An influx of giant squid off the shore of Santa Barbara has sparked the interest of seasoned fishermen and locals alike.

Santa Barbara Fish Market owner Brian Colgate was reported to have caught a five-foot squid last week, and almost a hundred additional catches have been reported along the Southern California Coast. The specific species of squid being caught is approximately five-feet in length and travels in large schools. They have not been spotted in the area since May 2007.

Officer Cummings of Santa Barbara Harbor Patrol said people tend to catch giant squid for the thrill of the fight rather than for commercial value.

“My understanding is that they put up a good fight, which is why a lot of people fish; for ‘the fight’ [and] the excitement of that fight,” Cummings said.

Cummings said both fishing and commercial vessels are currently arranging trips specifically for the giant squid.

“Most of these fish are caught [by local residents], generally folks will go out on local fishing boats, and they will go out for just a fishing trip,” he said. “I do know some of the commercial fishing boats that you would [normally] pay for a half day or full day trip but they are doing these for the giant squid trips.”

According to Monique Berry, an employee at Dana’s Wharf Sportfishing & Whale Watching in Orange County, giant squid are unusual and good for business.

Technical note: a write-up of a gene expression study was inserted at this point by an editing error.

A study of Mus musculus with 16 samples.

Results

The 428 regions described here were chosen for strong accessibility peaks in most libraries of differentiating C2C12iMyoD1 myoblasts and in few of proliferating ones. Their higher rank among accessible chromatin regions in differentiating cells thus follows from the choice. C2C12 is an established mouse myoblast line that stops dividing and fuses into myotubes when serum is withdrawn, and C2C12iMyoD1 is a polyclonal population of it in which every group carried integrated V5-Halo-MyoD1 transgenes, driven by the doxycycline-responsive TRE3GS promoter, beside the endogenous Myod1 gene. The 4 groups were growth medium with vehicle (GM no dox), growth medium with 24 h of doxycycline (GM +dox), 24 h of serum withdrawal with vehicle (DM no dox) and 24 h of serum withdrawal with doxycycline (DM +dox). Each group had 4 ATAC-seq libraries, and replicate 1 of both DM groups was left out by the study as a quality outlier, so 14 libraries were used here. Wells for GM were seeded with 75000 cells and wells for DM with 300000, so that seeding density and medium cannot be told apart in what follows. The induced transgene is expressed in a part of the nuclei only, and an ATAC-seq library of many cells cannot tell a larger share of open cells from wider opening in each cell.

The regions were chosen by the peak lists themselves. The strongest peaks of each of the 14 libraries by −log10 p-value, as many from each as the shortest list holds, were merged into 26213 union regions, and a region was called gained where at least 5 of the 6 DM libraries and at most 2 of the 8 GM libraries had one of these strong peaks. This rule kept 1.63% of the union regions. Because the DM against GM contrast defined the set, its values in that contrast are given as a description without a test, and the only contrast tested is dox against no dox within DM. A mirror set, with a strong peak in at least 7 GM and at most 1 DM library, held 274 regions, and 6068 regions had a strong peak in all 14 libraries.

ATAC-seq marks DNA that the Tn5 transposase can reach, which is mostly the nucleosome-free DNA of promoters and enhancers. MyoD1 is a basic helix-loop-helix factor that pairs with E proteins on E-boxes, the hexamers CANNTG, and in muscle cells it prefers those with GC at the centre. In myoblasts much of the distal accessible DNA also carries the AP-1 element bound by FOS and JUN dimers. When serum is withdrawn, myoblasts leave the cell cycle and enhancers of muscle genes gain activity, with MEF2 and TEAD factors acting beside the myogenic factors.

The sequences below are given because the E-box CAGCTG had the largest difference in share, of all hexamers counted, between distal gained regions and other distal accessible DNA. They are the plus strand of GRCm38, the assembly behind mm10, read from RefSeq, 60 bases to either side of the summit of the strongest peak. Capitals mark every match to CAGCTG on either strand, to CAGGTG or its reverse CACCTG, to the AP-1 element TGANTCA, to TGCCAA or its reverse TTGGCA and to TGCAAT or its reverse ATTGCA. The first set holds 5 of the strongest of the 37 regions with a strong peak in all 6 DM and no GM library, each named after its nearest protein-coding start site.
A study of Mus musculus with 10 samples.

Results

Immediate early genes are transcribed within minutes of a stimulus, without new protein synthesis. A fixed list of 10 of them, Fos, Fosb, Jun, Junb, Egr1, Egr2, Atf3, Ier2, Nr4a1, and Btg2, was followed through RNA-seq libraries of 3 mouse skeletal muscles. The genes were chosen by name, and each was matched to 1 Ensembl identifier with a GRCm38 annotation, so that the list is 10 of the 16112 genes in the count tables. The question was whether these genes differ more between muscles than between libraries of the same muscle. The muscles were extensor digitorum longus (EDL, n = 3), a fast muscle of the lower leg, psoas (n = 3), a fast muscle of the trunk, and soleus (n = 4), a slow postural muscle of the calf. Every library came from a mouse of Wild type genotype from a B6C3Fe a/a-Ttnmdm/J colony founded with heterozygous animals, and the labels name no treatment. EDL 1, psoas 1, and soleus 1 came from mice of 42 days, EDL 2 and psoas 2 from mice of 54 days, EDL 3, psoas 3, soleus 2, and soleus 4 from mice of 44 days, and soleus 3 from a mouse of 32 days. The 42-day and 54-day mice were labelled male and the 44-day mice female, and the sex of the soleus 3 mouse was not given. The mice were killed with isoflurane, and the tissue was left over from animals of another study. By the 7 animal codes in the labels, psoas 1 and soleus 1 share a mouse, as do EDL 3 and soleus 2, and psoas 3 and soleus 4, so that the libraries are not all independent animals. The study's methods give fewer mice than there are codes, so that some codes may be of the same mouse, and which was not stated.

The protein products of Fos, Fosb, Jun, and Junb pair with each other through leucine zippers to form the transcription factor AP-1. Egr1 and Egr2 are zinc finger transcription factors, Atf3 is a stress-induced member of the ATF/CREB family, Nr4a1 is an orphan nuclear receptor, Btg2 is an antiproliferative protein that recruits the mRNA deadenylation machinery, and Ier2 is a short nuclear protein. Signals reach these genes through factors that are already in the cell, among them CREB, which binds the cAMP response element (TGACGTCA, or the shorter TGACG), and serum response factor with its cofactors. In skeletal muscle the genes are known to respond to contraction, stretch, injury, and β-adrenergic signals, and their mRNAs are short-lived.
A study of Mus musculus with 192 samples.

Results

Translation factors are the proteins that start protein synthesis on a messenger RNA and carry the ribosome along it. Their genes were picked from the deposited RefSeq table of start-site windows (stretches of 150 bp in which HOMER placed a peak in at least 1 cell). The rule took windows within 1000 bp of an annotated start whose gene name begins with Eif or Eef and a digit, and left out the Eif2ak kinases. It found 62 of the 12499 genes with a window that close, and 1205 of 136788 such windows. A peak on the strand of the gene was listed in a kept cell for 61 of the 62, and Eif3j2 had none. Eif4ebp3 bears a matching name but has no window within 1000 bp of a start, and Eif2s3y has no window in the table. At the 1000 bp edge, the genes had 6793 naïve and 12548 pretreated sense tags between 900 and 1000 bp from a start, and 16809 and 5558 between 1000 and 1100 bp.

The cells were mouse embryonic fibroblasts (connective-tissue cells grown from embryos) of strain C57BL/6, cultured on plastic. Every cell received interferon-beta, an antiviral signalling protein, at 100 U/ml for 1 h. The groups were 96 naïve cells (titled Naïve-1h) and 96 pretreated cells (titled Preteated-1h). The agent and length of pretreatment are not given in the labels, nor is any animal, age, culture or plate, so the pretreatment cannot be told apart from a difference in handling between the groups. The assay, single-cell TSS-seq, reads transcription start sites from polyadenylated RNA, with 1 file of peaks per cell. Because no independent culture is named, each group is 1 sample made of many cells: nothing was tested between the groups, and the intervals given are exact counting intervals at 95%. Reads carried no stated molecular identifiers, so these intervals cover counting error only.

“People get really excited for [giant squid sightings] because it is so rare,” Berry said. “There’s not a set time for it. It’s a big deal. They’re super, super fun to catch. Just catching one of these things will give you enough meat to last for an entire year. Our boats will just be packed.”

There are eight different species of giant squid, the largest of which can reach up to 43 feet in length for females. This makes the giant squid the second largest type of mollusk in the world, eclipsed only by the colossal squid, which can reach lengths of 46 feet.

The best time of the day to catch squid is at night, since they are attracted to flashing and glowing lights. Berry said that the fishing excursions are truly an adventure.

“The squid start out in deep water, and then they move towards the surface,” Berry said. “They follow light [in order] to see. Then they are in about 50 feet of water.”

Mario Cervantes, a local fisherman and Santa Barbara Fish Market employee, said squid have huge appetites, which can have a devastating impact on the local fish populations and, subsequently, commercial fishing operations.

“A lot of fish are being attacked by giant squid,” Cervantes said. “I go out [fishing] once a week. [The squid’s arrivals] are affecting the long lining and they are big fish that are eating up a lot of the fish here.”

Cervantes said that, despite the voracious appetites of the squid, Santa Barbara Fish Market has not directly been affected by these squid and that their profits have remained stable over the past few weeks.

The Santa Barbara Fish Market has not yet received squid for public consumption.